WORKERS LEAVING THE FACTORY BY HARUN FAROCKI

This entry was posted on March 13th, 2014


Workers Leaving the Factory, named after the film by the Lumiere brothers “the first to be brought to the screen”, inter-splices sequences from across the twentieth century of workers leaving en masse at the regulated hour.

Farocki’s technical genius is in his ability to combine the specificity of the cinematic apparatus, the mechanically produced representation of the body, with the modern regimentation of the body to effect an imaging of the process of subjectification. As an invocation of the factory production line, with its repetition, regulation, and homogenization, the use of different films showing the same thing figures how the body is shaped, condensed, and squeezed to fit to the mechanical mould. Put simply, with Farocki one is reminded that a pair of shoes is not worn in, rather it is the foot that is forced to alter its shape to fit the uncompromising shoe; in this case, the 9-5 world, when workers really would leave the factory en masse. Workers provides escape by breaking the image from the body through montage and voice over commentary. Over images of the Lumiere brothers original, a voice announces “these people seem moved as if by an invisible force, no-one remains behind”; over images from 1975 of German workers leaving a Volkswagen factory: “the workers are running as if something were drawing them away”; from 1926 in Detroit “the workers are running as if they had already lost too much time”. The voice over disturbs the mass movement of bodies, as though Farocki wants to wake us up from a deep sleep and allow the viewer to see again.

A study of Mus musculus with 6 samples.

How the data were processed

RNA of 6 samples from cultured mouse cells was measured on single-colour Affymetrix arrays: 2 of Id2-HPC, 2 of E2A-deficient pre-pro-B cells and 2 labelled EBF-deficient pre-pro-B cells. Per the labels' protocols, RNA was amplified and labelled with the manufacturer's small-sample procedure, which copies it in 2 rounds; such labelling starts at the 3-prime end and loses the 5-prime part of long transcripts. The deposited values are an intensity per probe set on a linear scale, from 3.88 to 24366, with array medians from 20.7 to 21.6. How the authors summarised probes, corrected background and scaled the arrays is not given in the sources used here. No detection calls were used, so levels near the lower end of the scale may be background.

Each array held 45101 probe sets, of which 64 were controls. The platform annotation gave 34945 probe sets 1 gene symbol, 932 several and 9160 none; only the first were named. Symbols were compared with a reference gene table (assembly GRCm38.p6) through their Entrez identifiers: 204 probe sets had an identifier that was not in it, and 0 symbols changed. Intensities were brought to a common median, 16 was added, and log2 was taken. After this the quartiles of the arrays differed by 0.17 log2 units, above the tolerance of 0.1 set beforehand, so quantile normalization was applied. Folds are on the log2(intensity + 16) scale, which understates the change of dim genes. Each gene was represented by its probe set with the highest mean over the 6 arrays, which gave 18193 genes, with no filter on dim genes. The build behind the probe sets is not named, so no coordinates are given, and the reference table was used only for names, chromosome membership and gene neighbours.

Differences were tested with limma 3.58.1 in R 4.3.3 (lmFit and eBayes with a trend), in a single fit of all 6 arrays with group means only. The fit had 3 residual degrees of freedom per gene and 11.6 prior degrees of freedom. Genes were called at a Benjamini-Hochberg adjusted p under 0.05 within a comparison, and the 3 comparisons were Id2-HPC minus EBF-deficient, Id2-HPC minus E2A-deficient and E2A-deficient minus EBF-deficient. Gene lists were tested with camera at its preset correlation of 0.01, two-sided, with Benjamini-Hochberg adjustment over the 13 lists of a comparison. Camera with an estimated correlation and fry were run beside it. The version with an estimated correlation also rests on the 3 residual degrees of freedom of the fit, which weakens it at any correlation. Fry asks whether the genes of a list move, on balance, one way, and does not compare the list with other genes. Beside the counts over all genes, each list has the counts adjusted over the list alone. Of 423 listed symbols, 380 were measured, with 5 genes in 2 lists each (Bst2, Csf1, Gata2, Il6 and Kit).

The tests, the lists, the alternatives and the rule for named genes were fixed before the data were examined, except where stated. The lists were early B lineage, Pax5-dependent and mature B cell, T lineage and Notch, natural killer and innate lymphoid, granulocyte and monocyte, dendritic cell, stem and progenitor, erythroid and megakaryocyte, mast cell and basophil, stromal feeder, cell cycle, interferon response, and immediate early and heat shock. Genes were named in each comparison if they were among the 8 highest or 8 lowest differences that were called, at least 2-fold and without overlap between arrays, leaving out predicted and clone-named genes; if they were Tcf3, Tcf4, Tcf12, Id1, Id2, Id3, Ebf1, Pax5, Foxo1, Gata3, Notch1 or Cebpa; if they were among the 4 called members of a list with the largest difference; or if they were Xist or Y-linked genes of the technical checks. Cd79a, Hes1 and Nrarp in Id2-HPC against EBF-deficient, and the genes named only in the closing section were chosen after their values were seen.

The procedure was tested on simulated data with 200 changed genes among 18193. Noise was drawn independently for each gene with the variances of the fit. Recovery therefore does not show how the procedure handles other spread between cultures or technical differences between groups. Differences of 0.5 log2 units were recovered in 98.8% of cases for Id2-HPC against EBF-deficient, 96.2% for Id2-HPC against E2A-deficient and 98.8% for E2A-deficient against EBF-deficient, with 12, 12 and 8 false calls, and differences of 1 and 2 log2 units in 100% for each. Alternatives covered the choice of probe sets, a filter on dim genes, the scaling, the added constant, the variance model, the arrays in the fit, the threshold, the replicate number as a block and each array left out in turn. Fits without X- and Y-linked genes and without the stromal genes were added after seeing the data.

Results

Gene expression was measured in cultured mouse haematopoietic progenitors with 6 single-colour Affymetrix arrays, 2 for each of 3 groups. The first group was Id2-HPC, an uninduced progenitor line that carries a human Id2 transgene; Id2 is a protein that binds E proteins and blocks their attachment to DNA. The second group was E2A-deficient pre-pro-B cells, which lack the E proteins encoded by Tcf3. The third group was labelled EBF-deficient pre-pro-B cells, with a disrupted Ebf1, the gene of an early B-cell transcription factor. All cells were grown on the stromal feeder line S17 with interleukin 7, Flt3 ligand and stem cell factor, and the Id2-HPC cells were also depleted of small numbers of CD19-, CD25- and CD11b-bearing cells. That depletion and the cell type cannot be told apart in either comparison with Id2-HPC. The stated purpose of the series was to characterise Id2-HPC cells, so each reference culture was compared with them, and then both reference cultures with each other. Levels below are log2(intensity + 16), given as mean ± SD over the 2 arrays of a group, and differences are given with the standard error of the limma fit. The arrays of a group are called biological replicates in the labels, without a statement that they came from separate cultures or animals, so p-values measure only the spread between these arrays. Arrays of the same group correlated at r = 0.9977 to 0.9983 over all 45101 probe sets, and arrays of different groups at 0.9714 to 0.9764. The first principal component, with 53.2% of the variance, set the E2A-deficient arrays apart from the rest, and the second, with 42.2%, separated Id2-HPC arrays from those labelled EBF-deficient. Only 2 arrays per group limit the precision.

The problem with such an approach is summarised by Ken Jacobs in his introductory address to Space/Time and Worries (2007, also reviewed in this issue of Desistfilm). For Jacobs, in their use of images to demonstrate modern effects of alienation and subjection, too many filmmakers of the left have disregarded the knowledge of the viewer. Jacobs suggests “they are offensive in how they address the mind, how they approach the other person on the other side of the making of the work, who comes to see the work. I feel as if it’s ultimately disrespectful of the viewer […] How do you address the viewer as […] someone who is your equal?” Jacobs is explicitly referring to parochial documentaries like those of Michael Moore and while Farocki is technically brilliant and formally inventive, and nothing like Moore whose work undermines the power of the conservative through ridicule, it nonetheless seems that Farocki’s viewer is positioned as unknowing in the face of the knowing director, a position mopped over by the sentimentality for the worker’s struggle. The epistemological problem is that, as I would argue, Farocki has erased the factory worker from taking up the position of viewing themselves in their process of subjection. In that sense, what comes to mind is the work of Abbas Kiarostami, whose films like Close Up (1990) or Shirin (2008), or installations, such as the one where gallery attendants are filmed looking at themselves being filmed, brings to bear the activity and agency of the viewer; however entangled with extraneous forces that may be.